Home Sweet Home

First off, let me wish you (if you are a woman reading this…) a happy International Women’s Day. This is a holiday that I first celebrated in Uganda at my refugee settlement. We had a party (or a festival…) that included speeches (lots of speeches, long speeches… but speeches honouring women nonetheless), refreshments (bottled soda and some kind of sweet bread I’m sure) and music. Since March 8th in 2004 I have not really remembered or celebrated International Women’s Day. Until this year.

Mongolians love to do up this holiday. My co-worker kept asking me what I was doing for the day. All weekend I saw Mongolian men walking around with cakes (oh my goodness, the grocery store was piled high with cakes!! I’ve never seen so many cakes in one place in my life!!!), and flowers intended for their wives or girlfriends, perhaps even their sisters or their mothers. A few of my female co-workers and I were invited to another co-worker’s home for brunch in honour of International Women’s Day.

What I really wanted to talk about in this post was not International Women’s Day, but homes, and the feeling of being settled. Ever since Jeff and I were married we have been living in apartments in Asia. We haven’t bothered to really do anything to make these places reflect us because, well, to be honest, it just doesn’t seem worth it. We were in Korea for a year, and now in Mongolia for another year… we just haven’t stayed in a place long enough to put down roots. Our current apartment is more just a white space that has a few things that reflect the people (us) who live there. We haven’t invested in many things to make our apartment truly home because we would have to decide to either ship the stuff home (EXPENSIVE FROM MONGOLIA!!) or leave it here. It just doesn’t seem worth it to make that investment. I’d rather save our money and purchase things for our home when we’re back in Canada. So while we have a home here, it still doesn’t feel homey. Our co-worker’s place is amazing. It’s not a fancy apartment, it’s not very big, but it feels like a home. It feels lived in and welcoming. It’s not the same sterile apartment that the rest of us live in. It’s hers. That’s one of the biggest things that I’m looking forward to when we go back to Canada – actually investing the time and money into a place that we can call our own. Now all we have to do is find jobs to finance this home of ours!!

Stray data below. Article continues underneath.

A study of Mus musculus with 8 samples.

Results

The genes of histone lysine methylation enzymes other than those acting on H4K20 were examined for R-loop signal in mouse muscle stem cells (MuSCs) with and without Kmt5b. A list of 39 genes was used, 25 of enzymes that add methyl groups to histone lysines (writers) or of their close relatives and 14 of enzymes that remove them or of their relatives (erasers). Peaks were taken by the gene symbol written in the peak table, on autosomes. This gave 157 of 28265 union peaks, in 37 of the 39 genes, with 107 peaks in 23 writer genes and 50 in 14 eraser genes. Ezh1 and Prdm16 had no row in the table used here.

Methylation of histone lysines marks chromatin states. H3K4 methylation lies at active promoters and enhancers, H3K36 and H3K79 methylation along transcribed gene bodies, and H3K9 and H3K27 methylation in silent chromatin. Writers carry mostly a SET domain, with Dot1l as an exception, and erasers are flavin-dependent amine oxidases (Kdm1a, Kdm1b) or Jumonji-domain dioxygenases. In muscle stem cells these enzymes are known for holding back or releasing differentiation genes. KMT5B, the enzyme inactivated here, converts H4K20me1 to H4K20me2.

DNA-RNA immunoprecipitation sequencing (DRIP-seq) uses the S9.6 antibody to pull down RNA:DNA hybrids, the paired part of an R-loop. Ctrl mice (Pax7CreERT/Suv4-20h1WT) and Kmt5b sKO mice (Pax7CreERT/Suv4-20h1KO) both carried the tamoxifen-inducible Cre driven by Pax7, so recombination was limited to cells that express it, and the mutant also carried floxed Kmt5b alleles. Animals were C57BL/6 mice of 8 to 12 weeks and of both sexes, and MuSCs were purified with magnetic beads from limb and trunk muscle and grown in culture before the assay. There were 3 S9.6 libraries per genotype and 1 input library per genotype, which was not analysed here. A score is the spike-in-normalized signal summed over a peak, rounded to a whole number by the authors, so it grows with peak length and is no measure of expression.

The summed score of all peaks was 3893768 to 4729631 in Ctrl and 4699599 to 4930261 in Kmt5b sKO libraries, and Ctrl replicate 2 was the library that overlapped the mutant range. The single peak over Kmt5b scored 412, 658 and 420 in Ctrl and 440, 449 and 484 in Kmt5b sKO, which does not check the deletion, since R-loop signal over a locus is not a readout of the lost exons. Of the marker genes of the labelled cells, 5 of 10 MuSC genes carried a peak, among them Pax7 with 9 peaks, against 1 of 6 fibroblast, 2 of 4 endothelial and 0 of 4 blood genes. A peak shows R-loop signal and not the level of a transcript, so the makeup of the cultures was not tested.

One Response to “Home Sweet Home”

  1. I remember that Women’s Day back in 2004! The rain clouds over Oruchinga’s hills, the colourful umbrellas and Alex, Giddion, Maniteze and the other men dressed up in drag as we sat in the shelter of Rwamurunga SS’s outcropped roof! I can also relate to FINALLY making a place your home – Brent and I just framed 3 paintings I’ve been carrying around with me since Ghana (2002!). Happy International Women’s Day Jen and Jeff!